The signs for Monmouthshire’s new cattle market are up and they’re pointing away from the centre of Abergavenny, it’s traditional home. Having been held in the centre of the town for the past 150 years, the market has been moved to a 27 hectare site near Raglan nine miles away.
The new site officially opened last Friday by Adam Henson (29 November 2013) but when I nipped into town the following Tuesday to see the doctor, I noticed that the old market was still going. The auctioneer was rattling though a few stalls of sheep and there were 20 or so farmers in attendance but the site felt rather empty and sad. Meanwhile, the new market will hold its first sale on 18 December.
Tuesday has always the best day to visit Abergavenny – a town blessed with at least five great markets a week. On Tuesdays there are three times as many stalls as normal and they spill from the magnificent market hall all through the surrounding carpark and almost meet the livestock market across Lion Street, which is usually held on Tuesdays and Wednesday. Cafes and pubs throng with shoppers, their numbers swelled by farmers and their wives (in their Sunday best!) dipping in from the livestock auctions to catch up with a few bargains and friends.
I wonder how this buzz will change once the market closes for good and the farmers head to the sparkling new but rather lonely site in the Monmouthshire countryside.
Many farmers and their unions welcome the move, not least because access will be easier. Trailers and vans are huge these days and getting dozens of them in and out of the narrow streets of Abergavenny must be a logistical nightmare.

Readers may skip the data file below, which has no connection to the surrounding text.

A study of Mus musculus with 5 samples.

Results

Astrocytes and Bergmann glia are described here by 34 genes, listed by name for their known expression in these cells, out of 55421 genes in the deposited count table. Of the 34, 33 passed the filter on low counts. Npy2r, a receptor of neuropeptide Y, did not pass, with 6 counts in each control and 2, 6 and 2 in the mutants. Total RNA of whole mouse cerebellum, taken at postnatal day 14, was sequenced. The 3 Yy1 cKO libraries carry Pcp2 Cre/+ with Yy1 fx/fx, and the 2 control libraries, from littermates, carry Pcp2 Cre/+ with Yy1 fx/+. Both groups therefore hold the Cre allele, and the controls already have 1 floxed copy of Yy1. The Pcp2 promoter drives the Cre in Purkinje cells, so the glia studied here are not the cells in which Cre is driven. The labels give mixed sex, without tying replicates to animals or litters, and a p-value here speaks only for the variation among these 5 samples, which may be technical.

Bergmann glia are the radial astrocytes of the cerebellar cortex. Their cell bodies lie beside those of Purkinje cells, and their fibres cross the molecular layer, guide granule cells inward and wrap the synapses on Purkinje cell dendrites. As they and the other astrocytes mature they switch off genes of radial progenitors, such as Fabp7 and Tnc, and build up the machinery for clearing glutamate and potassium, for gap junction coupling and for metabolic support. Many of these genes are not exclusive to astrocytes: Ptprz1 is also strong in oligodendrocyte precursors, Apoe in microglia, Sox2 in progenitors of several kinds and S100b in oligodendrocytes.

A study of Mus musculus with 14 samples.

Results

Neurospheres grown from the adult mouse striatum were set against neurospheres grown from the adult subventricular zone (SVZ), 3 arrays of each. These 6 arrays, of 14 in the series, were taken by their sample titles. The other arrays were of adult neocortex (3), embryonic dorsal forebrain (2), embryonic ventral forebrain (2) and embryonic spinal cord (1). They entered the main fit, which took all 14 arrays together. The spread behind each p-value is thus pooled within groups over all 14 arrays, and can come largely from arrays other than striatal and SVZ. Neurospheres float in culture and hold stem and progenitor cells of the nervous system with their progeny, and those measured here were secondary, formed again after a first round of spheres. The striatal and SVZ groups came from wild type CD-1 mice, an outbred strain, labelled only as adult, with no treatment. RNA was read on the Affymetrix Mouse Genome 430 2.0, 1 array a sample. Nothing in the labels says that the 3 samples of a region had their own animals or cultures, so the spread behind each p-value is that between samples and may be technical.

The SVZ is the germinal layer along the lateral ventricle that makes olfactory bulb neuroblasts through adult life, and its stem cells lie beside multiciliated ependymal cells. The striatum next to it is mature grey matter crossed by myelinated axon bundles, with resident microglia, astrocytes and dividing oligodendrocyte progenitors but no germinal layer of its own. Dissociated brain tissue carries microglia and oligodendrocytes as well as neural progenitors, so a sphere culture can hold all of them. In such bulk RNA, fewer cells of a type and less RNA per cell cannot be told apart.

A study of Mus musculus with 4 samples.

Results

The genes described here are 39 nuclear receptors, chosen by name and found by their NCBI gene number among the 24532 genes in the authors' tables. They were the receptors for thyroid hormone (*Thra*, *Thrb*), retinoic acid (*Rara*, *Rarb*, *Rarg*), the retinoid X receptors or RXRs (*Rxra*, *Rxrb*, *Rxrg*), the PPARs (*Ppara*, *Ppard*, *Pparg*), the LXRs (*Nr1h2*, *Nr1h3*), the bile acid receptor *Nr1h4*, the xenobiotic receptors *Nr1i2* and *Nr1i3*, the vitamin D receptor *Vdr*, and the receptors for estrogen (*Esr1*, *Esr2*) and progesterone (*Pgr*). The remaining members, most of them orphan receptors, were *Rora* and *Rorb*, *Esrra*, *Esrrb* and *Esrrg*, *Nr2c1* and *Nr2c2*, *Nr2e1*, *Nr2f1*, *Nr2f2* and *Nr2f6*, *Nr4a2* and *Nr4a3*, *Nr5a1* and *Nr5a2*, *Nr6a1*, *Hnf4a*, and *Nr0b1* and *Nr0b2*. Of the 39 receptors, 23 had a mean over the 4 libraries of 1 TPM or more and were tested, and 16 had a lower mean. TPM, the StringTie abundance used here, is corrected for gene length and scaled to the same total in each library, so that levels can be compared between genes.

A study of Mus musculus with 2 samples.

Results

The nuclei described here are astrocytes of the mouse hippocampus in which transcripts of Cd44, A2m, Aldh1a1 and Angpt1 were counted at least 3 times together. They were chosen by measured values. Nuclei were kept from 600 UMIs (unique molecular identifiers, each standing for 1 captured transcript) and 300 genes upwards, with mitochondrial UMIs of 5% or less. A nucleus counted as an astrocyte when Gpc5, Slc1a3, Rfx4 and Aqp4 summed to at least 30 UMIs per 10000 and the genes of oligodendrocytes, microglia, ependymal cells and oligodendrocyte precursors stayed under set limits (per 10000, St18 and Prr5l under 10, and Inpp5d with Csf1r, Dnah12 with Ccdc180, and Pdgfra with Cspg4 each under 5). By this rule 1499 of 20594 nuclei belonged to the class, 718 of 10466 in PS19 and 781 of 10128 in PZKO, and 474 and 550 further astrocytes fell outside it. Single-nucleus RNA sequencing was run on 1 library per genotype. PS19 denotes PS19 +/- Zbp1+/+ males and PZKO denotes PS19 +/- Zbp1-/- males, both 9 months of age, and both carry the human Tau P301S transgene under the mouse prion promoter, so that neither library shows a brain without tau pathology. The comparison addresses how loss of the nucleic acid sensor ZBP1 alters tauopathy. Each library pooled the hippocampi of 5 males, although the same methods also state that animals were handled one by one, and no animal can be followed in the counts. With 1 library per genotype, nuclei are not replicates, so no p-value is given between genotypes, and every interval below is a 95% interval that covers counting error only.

Monmouthshire Council has also supported the move, and says that a Morrisons supermarket will be built on the existing site and “kick start a wider regeneration of the town,” says council deputy leader Bob Greenland.
But not all locals are happy. A vocal opposition group Keep Abergavenny Livestock Market (KALM) says it speaks for farmers, townspeople, shopkeepers and visitors to Abergavenny and claims the town will lose its unique character once the market goes. “Abergavenny will become just another dreary clone town”.
The negative effects out-of-town supermarkets have on small towns has been well documented but the effect of supermarkets within towns is more nuanced according to a report on Countryfile by John Craven back in April 2011. He found that Yeovil in Somerset had lost out to supermarkets on its periphery while Totnes in Devon thrived, despite there being a supermarket in the centre. The thinking is that if a supermarket is centrally located, shoppers will also visit the rest of the town. But if it’s on the edge, it’s too much bother to then park a second time.
Abergavenny already has a Waitrose on the edge of town and an Aldi in the centre (as well as a small Tesco).
One undeniable loss is that there will no longer be a physical connection between the town and its surrounding farming community. At a time when town and country are portrayed as not understanding one another and farmers’ leaders are keen that “more and more people from all walks of life are recognising the importance that farming plays in their lives” (Meurig Raymond, Deputy President of the NFU), this severs one more vital connection between us and our food.